Pavlyuchenkova, Krejcikova To Play Roland Garros Final

Anastasia Pavlyuchenkova (photo: Roland Garros/Twitter)

PARIS, June 10, 2021 (by Alessandro Boroch)

In her 52nd major main draw appearance, 29-year-old Anastasia Pavlyuchenkova came through her Roland Garros semi-final against Tamara Zidansek in straight sets to move into her career-first Grand Slam final. The No. 31 seed from Russia ended the historical run of the World No. 84 Zidansek from Slovenia following a 7-5, 6-3 win Thursday afternoon on Court Philippe-Chatrier.

Pavlyuchenkova became the first Russian woman to advance to a major singles final since Maria Sharapova at the Australian Open in 2015. Further, she is the first woman to play more than 50 majors before reaching her first major final. On Saturday, the native of Samara will bid to become the fourth Russian woman overall to lift the Coupe Suzanne-Lenglen.

During the course of the match, Pavlyuchenkova struck 19 winners and won 58 per-cent (29 of 50) of her first-serve points. She eventually converted six of her 10 break-point chances to prevail after an hour and 34 minutes.

“I had my own long special road,” Pavlyuchenkova told the media in her post-match press conference. “Everybody has different ways. I don’t know, I’m just happy I’m in the final. Trying to enjoy.

“I think about [winning a Grand Slam tournament] all the time. Been thinking about it since I was a junior, since I was a little kid, since I started playing tennis. That’s what you’re playing for. That’s what you want. It’s been there in my head forever.”

With a win in the final, Pavlyuchenkova would move to No. 14 in the WTA rankings, one place behind her career-best ranking from 2011.

Newly-gained maturity for Zidansek

Despite her setback, the 23-year-old Zidansek, who lost two previous times in the first round of the French Open, was still happy with her performance in Paris.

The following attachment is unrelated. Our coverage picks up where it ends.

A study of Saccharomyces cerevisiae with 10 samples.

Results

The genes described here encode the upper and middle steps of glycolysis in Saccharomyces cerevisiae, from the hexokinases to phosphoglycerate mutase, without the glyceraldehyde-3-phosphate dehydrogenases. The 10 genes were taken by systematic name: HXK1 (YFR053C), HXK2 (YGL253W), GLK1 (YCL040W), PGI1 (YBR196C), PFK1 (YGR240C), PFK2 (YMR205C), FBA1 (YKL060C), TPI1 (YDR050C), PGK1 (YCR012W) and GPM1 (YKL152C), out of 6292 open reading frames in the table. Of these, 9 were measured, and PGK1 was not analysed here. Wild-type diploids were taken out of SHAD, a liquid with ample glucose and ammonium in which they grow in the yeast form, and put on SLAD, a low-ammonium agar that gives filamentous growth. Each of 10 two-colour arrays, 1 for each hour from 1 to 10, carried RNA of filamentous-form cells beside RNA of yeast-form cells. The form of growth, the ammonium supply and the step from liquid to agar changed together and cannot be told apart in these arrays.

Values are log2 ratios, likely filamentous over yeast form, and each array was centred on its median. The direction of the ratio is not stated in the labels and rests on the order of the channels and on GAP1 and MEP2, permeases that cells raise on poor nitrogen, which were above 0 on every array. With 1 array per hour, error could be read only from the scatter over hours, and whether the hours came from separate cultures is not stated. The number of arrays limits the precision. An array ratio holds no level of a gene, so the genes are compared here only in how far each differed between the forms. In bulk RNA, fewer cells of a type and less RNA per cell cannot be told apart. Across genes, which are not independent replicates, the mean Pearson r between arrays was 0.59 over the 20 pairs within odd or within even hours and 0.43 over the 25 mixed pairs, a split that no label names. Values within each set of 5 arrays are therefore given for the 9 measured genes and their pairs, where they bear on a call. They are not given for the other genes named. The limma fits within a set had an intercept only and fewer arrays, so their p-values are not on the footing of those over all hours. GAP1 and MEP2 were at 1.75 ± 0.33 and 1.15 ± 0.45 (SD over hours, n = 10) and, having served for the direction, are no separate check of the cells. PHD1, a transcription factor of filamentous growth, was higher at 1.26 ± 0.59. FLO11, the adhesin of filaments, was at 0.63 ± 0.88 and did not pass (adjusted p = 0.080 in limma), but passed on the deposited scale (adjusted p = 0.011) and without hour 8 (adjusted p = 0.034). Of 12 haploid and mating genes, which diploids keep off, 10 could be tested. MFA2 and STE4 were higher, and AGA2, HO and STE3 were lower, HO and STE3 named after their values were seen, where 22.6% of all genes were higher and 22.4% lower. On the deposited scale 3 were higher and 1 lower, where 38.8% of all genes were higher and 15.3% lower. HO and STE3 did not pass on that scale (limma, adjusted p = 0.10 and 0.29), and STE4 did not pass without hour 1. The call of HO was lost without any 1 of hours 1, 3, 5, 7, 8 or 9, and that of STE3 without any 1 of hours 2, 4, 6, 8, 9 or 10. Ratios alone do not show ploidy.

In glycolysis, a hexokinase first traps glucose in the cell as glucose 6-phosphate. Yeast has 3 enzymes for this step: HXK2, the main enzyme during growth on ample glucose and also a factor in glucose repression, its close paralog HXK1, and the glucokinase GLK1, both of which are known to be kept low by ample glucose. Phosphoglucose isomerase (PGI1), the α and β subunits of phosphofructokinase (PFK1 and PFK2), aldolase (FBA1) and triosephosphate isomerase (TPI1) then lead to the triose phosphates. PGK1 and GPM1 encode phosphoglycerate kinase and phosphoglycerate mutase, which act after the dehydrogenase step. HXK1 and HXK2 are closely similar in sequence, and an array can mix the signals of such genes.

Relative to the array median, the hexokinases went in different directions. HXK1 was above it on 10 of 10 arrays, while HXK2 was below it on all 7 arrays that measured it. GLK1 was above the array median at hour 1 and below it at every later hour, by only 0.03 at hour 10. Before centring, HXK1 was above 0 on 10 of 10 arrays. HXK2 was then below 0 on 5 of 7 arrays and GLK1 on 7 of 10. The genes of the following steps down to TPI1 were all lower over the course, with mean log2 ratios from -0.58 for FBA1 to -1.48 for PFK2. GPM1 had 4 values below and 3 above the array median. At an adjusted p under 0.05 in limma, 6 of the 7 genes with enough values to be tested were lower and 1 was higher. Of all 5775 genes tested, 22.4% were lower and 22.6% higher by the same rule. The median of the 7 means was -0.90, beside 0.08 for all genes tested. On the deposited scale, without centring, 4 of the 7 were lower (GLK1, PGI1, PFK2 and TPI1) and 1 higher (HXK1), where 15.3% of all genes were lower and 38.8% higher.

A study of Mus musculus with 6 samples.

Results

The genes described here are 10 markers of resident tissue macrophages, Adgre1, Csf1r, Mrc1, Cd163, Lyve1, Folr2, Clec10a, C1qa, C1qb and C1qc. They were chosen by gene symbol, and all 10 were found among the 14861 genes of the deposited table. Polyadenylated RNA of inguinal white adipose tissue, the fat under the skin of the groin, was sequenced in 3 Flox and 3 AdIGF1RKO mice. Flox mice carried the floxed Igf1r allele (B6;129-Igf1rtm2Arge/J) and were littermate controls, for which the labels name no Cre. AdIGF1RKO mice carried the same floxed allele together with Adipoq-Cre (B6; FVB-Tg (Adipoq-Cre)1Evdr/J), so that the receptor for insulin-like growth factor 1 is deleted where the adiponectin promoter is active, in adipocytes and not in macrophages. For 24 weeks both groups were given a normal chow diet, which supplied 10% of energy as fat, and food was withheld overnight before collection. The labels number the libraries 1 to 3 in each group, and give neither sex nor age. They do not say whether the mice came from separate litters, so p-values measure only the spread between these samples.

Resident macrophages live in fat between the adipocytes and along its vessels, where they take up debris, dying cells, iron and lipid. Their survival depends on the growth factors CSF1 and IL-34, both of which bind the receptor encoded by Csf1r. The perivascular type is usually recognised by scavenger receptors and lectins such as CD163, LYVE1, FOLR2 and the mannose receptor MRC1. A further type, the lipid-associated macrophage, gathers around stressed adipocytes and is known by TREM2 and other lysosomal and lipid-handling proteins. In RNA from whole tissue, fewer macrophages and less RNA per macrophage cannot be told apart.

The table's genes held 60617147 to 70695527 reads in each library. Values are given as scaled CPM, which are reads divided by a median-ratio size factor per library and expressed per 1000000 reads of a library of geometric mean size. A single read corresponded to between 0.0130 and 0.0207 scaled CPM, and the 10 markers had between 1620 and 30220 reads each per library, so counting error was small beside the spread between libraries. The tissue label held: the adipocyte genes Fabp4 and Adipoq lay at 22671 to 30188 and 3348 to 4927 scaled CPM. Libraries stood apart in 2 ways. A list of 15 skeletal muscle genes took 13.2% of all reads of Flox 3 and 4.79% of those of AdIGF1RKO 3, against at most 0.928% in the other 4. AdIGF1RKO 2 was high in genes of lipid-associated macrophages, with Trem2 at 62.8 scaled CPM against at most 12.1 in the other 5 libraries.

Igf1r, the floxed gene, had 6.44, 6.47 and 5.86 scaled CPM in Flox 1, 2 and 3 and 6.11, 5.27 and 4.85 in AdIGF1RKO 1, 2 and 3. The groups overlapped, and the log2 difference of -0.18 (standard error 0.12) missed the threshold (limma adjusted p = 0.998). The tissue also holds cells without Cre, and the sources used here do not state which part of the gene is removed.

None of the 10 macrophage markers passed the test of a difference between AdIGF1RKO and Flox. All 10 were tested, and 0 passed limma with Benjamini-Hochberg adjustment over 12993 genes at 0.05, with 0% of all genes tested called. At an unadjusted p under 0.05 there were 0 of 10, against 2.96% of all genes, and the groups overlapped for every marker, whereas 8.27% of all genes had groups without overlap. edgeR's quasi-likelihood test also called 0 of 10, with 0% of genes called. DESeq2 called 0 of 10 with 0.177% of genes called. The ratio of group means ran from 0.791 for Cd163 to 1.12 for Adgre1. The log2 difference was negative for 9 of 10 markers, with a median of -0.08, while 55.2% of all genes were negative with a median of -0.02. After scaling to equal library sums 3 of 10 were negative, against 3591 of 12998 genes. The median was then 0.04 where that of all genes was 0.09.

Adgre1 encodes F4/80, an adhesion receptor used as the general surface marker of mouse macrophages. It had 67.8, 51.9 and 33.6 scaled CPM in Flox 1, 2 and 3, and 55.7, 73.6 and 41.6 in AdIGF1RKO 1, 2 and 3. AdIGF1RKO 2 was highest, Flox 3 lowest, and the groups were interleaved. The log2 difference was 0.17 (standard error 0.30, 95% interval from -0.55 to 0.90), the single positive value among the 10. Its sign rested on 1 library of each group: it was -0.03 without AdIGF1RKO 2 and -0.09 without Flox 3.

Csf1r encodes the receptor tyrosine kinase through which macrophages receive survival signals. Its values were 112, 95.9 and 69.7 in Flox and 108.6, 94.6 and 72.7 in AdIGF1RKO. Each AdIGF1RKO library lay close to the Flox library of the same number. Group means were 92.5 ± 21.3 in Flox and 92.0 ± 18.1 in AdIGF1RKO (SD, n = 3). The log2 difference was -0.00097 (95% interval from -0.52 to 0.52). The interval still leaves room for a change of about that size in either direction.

“I’ve learned that sometimes when I was younger, I was always looking at big players, ‘Wow, they’re hitting so good’. Maybe I want to have a shot like that or something,” Zidansek said.

“But I think I showed myself and I’ve learned that at this stage it really is, I’m going to say, 90 per cent a mental game, just about going out there and believing in yourself, believing in your game. At the end being able to go out there and show your best game.”

Zidansek is projected to crack the Top 50 next week, becoming just the fifth Slovenian player to achieve such a massive milestone on the women’s tour.

Krejcikova saves match points, prevails over Sakkari

In a highly dramatic match with plenty of momentum switches coupled signs of nervousness, World No. 33 Barbora Krejcikova saved one match point and won on her fifth match-point opportunity against 17th seed Maria Sakkari 7-5, 4-6, 9-7 to reach her first major singles final. On Saturday, she will bid to become the first Roland Garros champion from the Czech Republic champion since Hana Mandilikova in 1981.

Sakkari was in full control of the third set until she was unable to capitalize on her only match point at 5-3 on Krejcikova’s serve. Then, when she was serving for a potential maiden major final in the next game, Krejcikova bothered her with an impressive variety of shots, particularly forcing the Greek to overhit and shank a couple of forehands to eventually get back on serve.

At 7-7, in an unbelievable game of guts, Sakkari saved three match points from 15-40 as she landed two clutch cross-court backhands.

The drama of the match expired when Krejcikova saw herself as the winner during her fourth match point in Sakkari’s subsequent service game, having already celebrated her victory but being overruled by the chair umpire a short time later.

However, after three hours and 18 minutes, Krejcikova eventually converted her fifth match point to grab her place in the singles title match. With Thursday’s win, the 25-year-old Czech extended her winning streak to 11 matches. She’s won 13 of her last 14 matches.

Salisbury and Krawczyk win mixed doubles title

Joe Salisbury of Grat Britain and Desirae Krawczyk of the United States won the mixed doubles title following a hard-fought 2-6, 6-4 [10-5] win over Russian duo Aslan Karatsev and Elena Vesnina.

Salisbury became the first British champion at Roland-Garros in 39 years across all competitions. It was the first major crown for the American Krawczyk, who finished runner-up in the 2020 women’s doubles competition.

“I didn’t expect this,” Salisbury said, after becoming the first Briton to win a Roland-Garros title since John Lloyd triumphed in 1982. “They killed us in the first set, and I think that it was a combination of us getting better, then they dropped their level a bit.

“All week I think we have just gone into it kind of relaxed, enjoying ourselves and seeing what happens. Cheers We have come out with a Grand Slam title.”